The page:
Poaching figures dropped by a third in 2020, with South Africa's environmental ministry citing the coronavirus lockdown as a significant reason for this. The country is home to 80% of the world's rhinoceroses.

By: Deutsche Welle |
February 2, 2021 1:34:52 pm
Rhino poaching figures decreased for a sixth straight year in South Africa. (Source: picture-alliance/dpa/S. Fayad via DW)

The number of rhinoceroses killed by poachers in South Africa’s national parks dropped by a third last year, according to official figures released on Monday.

The fall in deaths was aided by the country’s coronavirus lockdown which restricted the movement of poachers, according to South Africa’s environmental ministry.

At least 394 rhinos were slaughtered in 2020, compared to 594 the previous year.

Most of the rhinos were killed in the Kruger National Park, a popular tourist location bordering Mozambique. It is also South Africa’s largest national park and was where 245 of the horned mammals were poached last year.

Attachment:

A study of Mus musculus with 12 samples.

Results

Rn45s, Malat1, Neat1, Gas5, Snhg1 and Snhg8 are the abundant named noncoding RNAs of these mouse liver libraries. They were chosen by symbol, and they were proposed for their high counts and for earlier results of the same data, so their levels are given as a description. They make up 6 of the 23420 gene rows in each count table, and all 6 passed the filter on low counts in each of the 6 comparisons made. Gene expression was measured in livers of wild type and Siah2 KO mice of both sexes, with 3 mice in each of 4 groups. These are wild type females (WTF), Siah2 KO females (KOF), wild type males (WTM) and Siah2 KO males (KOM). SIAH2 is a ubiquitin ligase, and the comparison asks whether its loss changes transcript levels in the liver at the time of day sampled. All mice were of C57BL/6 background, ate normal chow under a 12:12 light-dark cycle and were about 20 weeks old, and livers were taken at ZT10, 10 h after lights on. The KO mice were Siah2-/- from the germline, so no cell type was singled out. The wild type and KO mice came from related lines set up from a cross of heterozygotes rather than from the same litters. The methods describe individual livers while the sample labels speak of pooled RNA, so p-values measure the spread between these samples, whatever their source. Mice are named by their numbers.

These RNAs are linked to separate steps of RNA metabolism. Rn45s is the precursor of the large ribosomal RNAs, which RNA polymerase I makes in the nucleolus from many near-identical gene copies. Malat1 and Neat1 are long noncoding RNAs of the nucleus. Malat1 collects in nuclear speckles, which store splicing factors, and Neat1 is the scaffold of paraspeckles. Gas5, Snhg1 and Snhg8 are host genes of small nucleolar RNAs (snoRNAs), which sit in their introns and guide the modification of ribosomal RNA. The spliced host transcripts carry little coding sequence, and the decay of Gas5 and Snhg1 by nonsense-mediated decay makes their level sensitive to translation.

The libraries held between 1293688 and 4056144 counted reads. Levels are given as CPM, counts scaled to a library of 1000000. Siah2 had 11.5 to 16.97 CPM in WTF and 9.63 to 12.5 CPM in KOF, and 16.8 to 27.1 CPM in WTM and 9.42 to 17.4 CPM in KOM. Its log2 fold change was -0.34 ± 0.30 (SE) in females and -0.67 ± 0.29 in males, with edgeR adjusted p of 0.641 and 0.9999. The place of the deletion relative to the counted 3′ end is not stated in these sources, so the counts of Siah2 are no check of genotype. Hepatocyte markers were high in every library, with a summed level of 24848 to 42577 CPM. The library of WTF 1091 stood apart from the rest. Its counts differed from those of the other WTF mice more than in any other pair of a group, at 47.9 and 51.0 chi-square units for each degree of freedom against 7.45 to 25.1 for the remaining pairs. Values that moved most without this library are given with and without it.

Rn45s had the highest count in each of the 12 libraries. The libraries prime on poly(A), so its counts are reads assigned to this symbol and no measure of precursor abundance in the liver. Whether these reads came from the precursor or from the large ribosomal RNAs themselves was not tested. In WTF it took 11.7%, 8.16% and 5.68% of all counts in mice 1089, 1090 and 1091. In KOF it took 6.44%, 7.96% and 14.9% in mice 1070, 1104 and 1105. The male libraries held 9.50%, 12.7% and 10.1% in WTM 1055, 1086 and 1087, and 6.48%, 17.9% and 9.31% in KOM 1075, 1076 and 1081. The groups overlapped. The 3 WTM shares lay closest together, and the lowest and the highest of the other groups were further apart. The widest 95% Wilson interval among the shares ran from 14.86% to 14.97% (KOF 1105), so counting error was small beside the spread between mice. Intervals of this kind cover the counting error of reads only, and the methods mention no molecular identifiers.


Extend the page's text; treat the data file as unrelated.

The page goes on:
In total, Kruger saw 1,573 poaching activities take place in 2020, a 21.9% fall on the 2019 official figures.

“During the COVID hard lockdown period we had a significant reduction in poacher incursions into the Kruger,” Environment Minister Barbara Creecy said in a statement.

Ease in lockdown caused poaching to pick back up

However, as South Africa eased its restrictions, it also logged a resumption in poachers’ activities.

“A significant spike in poaching was experienced towards the end [of] 2020, especially during December,” Creecy said.

South Africa, home to nearly 80% of the world’s rhinos, has seen its poaching figures steadily decrease every year since 2015, when the number of deaths recorded peaked at 1,215.

Coordinated efforts, especially involving African neighboring governments, to crack down on poaching are still fairly new and are beginning to bear fruit, according to South Africa’s Creecy. Major arrests in recent years and higher conviction rates for poachers are among the reasons suspected for the broader downward trend in poaching activity in Kruger National Park and other wildlife reserves.